What sparked your interest in bloodstock and sales?

My interest in bloodstock began from a young age. Growing up my dad always had a few mares and horses in training with Tommy and Fozzy Stack. My grandad [Stan Cosgrove] was also a vet and managed Moyglare Stud, so following all of these horses through the sales and their racing careers enthralled me. Although I didn’t grow up around horses it was during my summers in college where I worked at Moyglare Stud that I caught the bug. I knew that once I graduated from Agricultural Science in UCD that I wanted to do the Irish National Stud course. This course gave me a huge insight into all aspects of the industry. Upon completion of the INS course, I travelled to Australia where I worked at Arrowfield Stud for a breeding season. Since than I have spent time at Ashford Stud which was a great experience to work with high quality horses.

I am currently the assistant breeding manager at the INS. I love it as every day there is a new challenge and no two days are the same which keeps me busy! I love following the lives of the foals from once they are born here to selling them at the sales and watching them on the track and it’s very rewarding to have played a small role in that. I have also started riding in the past couple of years and I ride out everyday before work for Mark Fahey which is a great way to clear the head before a busy day at the office.

Who has been your biggest influence in your career so far?

There are so many people I can think of that have such a huge influence on my career so far. My parents have always been very supportive and encouraged me to pursue a career in something I love. My grandad Stan was always there when I was starting off to give me advice and guide me in the right direction which was hugely beneficial. I have been very lucky to meet many people along the way, too many to mention, but Sally Carroll played an important role in putting me on the path to the INS course. Cathal Beale was a great mentor when I did the course and right throughout my career and is always there to give advice when needed.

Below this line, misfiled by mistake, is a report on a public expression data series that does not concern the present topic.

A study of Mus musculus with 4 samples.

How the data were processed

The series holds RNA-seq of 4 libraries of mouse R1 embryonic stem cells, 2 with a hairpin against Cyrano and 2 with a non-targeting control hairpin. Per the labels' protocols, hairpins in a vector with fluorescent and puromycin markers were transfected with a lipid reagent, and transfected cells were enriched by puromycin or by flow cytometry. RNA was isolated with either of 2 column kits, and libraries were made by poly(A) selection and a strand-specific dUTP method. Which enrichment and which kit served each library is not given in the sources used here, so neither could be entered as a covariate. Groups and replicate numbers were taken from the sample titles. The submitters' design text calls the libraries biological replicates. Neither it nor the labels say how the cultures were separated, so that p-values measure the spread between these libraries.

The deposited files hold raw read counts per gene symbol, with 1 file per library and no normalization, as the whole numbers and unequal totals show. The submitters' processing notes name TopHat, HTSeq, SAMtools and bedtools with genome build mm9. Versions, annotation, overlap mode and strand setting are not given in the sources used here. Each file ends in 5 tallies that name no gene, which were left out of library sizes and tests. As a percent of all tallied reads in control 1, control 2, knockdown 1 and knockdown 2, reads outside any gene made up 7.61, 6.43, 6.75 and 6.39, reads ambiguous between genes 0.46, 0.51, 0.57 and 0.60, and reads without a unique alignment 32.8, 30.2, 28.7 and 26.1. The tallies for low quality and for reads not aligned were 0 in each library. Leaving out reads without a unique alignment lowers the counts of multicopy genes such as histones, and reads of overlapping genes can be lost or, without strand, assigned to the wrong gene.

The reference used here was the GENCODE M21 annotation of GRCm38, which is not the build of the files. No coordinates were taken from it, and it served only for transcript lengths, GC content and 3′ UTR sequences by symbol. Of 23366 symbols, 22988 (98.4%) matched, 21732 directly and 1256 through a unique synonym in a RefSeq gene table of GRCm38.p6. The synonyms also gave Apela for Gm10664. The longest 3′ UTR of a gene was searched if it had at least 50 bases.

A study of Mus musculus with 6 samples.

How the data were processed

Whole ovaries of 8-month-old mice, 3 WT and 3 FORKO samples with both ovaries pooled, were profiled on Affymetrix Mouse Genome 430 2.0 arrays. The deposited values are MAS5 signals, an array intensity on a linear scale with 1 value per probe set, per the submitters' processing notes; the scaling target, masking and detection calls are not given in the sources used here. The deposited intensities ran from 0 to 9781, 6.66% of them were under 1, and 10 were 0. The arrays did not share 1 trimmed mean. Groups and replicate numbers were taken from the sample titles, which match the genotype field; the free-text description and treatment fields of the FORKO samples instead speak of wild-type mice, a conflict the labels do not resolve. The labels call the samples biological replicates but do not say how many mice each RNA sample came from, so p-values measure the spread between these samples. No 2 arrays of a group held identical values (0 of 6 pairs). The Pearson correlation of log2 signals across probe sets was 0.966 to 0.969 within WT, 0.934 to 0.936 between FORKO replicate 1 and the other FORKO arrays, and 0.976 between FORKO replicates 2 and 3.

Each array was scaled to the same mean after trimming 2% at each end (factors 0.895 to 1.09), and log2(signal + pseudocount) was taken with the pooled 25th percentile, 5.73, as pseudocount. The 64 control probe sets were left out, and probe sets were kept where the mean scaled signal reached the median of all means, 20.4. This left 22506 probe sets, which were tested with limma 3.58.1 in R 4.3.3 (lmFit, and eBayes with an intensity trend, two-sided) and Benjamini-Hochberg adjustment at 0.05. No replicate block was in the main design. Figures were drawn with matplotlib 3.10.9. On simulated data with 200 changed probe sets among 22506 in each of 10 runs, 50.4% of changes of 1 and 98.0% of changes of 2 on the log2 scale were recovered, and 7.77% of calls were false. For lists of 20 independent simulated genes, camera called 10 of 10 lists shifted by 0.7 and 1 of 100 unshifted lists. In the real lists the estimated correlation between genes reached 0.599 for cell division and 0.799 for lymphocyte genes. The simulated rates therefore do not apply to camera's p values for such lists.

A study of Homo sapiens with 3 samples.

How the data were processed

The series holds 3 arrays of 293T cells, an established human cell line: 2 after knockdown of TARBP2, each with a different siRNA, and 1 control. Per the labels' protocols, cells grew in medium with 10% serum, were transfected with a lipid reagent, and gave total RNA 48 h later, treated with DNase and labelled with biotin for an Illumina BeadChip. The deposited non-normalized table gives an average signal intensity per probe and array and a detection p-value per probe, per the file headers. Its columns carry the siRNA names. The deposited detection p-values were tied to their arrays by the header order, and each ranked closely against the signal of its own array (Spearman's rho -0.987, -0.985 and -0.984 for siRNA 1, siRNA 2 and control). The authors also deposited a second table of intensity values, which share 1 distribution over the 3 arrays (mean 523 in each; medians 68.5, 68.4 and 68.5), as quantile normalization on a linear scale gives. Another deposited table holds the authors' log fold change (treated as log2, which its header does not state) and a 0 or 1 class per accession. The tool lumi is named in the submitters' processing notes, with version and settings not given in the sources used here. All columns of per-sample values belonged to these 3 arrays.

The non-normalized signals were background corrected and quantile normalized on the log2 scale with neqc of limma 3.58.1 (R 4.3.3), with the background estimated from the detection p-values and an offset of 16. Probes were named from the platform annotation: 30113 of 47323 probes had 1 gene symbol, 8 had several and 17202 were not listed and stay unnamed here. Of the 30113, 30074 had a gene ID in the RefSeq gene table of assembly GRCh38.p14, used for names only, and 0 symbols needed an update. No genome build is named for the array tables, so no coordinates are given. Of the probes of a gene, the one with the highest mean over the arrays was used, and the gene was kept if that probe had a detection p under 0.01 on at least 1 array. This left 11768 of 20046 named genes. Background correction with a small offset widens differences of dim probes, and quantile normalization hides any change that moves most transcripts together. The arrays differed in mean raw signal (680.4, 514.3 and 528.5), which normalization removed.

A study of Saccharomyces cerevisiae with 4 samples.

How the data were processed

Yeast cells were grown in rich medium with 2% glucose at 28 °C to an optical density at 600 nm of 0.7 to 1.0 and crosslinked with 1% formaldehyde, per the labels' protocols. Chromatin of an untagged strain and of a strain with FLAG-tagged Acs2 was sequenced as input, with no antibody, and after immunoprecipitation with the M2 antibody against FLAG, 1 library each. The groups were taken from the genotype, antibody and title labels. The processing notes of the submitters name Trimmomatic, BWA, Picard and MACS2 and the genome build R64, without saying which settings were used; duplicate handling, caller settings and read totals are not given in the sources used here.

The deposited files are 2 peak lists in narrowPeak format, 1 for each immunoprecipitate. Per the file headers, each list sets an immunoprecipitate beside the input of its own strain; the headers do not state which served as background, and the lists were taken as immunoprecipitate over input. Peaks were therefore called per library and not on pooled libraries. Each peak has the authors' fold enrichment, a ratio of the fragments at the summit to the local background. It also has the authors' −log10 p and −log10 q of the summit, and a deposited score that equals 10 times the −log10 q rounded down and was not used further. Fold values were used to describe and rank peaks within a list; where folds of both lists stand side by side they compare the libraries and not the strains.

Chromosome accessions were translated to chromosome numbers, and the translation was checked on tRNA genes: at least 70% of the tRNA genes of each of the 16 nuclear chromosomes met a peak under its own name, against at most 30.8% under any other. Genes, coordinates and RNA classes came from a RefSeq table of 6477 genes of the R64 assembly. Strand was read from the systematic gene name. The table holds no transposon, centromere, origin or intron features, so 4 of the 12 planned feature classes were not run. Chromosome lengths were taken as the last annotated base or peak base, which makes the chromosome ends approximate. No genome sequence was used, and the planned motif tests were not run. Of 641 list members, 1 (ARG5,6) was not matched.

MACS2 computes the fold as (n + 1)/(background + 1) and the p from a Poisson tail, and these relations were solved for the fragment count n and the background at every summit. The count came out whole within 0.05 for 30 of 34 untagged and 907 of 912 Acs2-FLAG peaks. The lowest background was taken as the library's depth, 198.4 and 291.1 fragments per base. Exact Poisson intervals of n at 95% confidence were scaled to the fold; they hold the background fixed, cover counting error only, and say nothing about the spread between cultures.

Are there challenges you had to overcome and how did you overcome them?

I think the biggest challenge for me personally was trying to get into the industry as growing up in Dublin very few people around me had any interest in horses. It was only when I began working in the industry, I realised how accessible it is once you show you are keen to learn and work hard. Now living in Kildare, I am truly immersed in it and have great friends with similar interests who are always there to help and give advice.

If you could go back in time, what would you tell yourself starting out in racing?

I would tell myself to get stuck in earlier and not to worry too much as everyone has to start somewhere. Travel is very important and it opens your eyes to how everyone has their own way of doing things. I would have also liked to gain more experience in the racing side of things as I’ve predominately worked on stud farms.

What goals have you set yourself?

Having only recently ventured into pinhooking and breeding I’m really looking forward to following them on the track this year. The dream would be to buy or breed a Group 1 winner. For now it’s about building good relationships with breeders, buyers and trainers. We’ve got a nice bunch of yearlings heading to the sales this year, so fingers crossed they stay healthy over the next few months and we have another successful year.

Phoenix Of Spain has also hit his second season running which we have all been following very closely at the INS and it will be exciting to see some of his promising types run in the next few weeks and months.